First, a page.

The Digital Darkroom
The photographic “darkroom” takes on a different guise when you work with digital data. This picture shows my “digital darkroom” where FITS images from the SXVF-M25C and other cameras are pre-processed before sending them off via Broadband link to Noel Carboni for further processing and enhancement.
Lets take a quick trip around the room.
The computer behind it all is based on an Intel Quad Core (four processors) running at 2.55GHz and with 8.0G of RAM (Windows 7 64-bit). There are two 500Gb internal hard drives and there’s external network storage of 4 Terabyte for all the image data using two “Icy Box” caddies, each with 2 x 1Tbyte HHDs.
I use three 24″ LCD monitors (Iiyama – ProLite E2407HDS) so that I can keep the uncluttered image to be worked on sitting on the central monitor, while all the menus I am using are on the right hand monitor. The left hand monitor is then free for Internet work. The keyboard and mouse are wireless.
I use the superb HP Designjet 130 six colour printer to print out our images to a maximum size of A1. I use 200 g.s.m. satin finish photo quality paper and I can testify to the resistance of these prints to fading as I have had an image of the North America and Pelican nebulae [on the wall behind the left hand monitor] in direct sunlight for over 4 years with no apparent adverse effects – very impressive! By comparison, a simple print from an A4 colour printer faded in less than 2 weeks under similar conditions.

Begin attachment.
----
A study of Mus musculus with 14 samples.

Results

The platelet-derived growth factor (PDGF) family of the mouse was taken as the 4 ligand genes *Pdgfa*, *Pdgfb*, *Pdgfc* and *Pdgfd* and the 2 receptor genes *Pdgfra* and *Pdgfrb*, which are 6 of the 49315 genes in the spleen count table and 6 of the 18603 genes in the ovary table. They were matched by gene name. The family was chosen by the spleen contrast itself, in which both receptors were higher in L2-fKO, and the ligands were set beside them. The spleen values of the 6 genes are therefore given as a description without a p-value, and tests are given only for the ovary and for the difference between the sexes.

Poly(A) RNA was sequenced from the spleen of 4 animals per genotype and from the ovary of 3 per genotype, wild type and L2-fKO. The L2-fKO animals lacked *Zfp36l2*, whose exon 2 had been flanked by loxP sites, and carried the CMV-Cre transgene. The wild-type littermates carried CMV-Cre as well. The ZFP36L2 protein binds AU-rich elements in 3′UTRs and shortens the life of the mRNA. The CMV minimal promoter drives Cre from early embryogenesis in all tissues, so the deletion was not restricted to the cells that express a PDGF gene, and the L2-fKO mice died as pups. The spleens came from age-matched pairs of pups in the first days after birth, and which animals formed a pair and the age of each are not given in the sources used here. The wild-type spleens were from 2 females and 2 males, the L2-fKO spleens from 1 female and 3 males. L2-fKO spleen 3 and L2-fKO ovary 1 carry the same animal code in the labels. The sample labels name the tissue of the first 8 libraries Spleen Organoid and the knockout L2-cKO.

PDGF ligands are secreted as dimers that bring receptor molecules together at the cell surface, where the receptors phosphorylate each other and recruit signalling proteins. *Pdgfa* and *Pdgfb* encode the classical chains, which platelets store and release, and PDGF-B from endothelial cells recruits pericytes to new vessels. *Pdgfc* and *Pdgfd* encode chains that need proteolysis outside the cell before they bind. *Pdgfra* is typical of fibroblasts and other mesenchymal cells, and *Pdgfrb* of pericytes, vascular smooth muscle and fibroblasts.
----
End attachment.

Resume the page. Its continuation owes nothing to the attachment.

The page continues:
You can also see a number of other A4-sized images on the wall being “life-tested” under fairly harsh lighting conditions.
The pre-processing is as follows.
- Colour convert the raw FITS data for each sub-exposure using Maxim DL (de-Bayer).
- Open up each sub-exposure and check the image for planes, satellites or PEC glitches.
- Remove unsatisfactory sub-exposures.
- Use the SD mask combine function in Maxim DL to stack all the individual sub-exposures together.
- Save the resulting colour-converted and stacked file as a floating point IEEE FITS file.
- Send the IEEE floating point FITS file to Noel Carboni for further processing into a deep-space work of art.